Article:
Evans believes multi-tied and tied advisers should be able to keep the adviser tag despite suggestions in the FSA’s interim retail distribution review paper that they may have to refer to themselves as salespeople.
He says: “I think the RDR in its current form is getting a little bit too confused around labels and the adviser/ salesman label is potentially unhelpful. Is someone who is not whole of market but has high qualifications, advising on long-term goal planning, investment strategies and tax products with remuneration set by the customer, not really an adviser?
“Whether you are whole of market or not, to me, does not mean you are not giving advice to the consumer.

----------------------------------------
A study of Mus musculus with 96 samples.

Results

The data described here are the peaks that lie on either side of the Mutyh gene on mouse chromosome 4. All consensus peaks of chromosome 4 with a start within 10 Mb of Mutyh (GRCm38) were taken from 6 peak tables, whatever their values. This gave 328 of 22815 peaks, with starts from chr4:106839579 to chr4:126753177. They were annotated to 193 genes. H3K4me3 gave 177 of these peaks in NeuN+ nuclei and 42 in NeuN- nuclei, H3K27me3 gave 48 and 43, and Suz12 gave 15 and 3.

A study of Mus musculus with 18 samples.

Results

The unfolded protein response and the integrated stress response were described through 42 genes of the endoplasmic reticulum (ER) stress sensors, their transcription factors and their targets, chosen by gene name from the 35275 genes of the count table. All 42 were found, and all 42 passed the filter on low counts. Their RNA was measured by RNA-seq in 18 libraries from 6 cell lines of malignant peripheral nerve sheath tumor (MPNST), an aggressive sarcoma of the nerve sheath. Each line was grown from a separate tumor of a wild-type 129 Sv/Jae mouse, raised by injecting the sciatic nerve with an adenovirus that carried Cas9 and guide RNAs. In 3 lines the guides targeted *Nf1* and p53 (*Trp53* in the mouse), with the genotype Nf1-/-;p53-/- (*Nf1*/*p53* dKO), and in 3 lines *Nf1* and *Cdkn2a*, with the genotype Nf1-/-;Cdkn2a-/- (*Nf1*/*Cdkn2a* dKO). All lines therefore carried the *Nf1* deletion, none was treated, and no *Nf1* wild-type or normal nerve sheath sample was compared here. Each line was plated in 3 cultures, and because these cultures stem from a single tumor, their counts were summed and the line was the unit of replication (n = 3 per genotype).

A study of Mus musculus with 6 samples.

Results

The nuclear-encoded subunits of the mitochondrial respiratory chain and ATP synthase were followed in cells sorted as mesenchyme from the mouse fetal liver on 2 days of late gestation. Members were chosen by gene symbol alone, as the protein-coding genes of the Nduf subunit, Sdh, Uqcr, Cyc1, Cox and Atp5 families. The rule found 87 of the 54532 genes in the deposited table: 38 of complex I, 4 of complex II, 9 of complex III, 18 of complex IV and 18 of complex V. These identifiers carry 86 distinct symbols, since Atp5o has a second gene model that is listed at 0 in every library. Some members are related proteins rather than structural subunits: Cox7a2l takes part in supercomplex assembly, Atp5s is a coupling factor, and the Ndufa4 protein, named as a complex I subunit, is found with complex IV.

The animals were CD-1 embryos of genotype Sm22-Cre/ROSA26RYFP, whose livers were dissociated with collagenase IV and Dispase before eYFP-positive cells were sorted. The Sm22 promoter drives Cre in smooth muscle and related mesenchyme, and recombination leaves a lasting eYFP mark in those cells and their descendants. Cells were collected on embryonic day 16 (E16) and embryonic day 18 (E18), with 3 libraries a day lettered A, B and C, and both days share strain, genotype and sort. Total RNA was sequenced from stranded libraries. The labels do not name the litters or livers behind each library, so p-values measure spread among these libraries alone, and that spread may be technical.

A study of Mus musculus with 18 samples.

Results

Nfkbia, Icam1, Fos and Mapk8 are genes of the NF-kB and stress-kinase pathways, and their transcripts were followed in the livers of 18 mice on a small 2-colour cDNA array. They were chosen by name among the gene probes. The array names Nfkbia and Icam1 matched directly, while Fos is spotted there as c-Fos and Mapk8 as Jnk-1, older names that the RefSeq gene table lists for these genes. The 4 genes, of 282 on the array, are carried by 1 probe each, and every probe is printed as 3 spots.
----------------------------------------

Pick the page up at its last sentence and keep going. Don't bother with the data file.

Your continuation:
“One implication of the RDR could be that the consumers’ perception of advice is a smaller segment because multi-tie and single-tie advisers are no longer called advisers. There is a risk that a great number of people in Middle England will not be able to access what they are told is advice.”
Axa-owned Thinc Group currently has a mixture of single-tied, multi-tied and whole of market advisers but is reviewing its model.
Zen Financial Services IFA Mike Pendergast says: “I do not agree. The whole idea of an independent adviser is that they are giving advice to the client over what is the best course of action and if they are tied to one particular corporate, or several, they are just offering what is on the shelf and cannot possibly give best advice.”
Ernst & Young head of insurance sector Shaun Crawford says: “The important thing is that there is absolute clarity to the consumer over whether an adviser is only advising on a limited range of products.”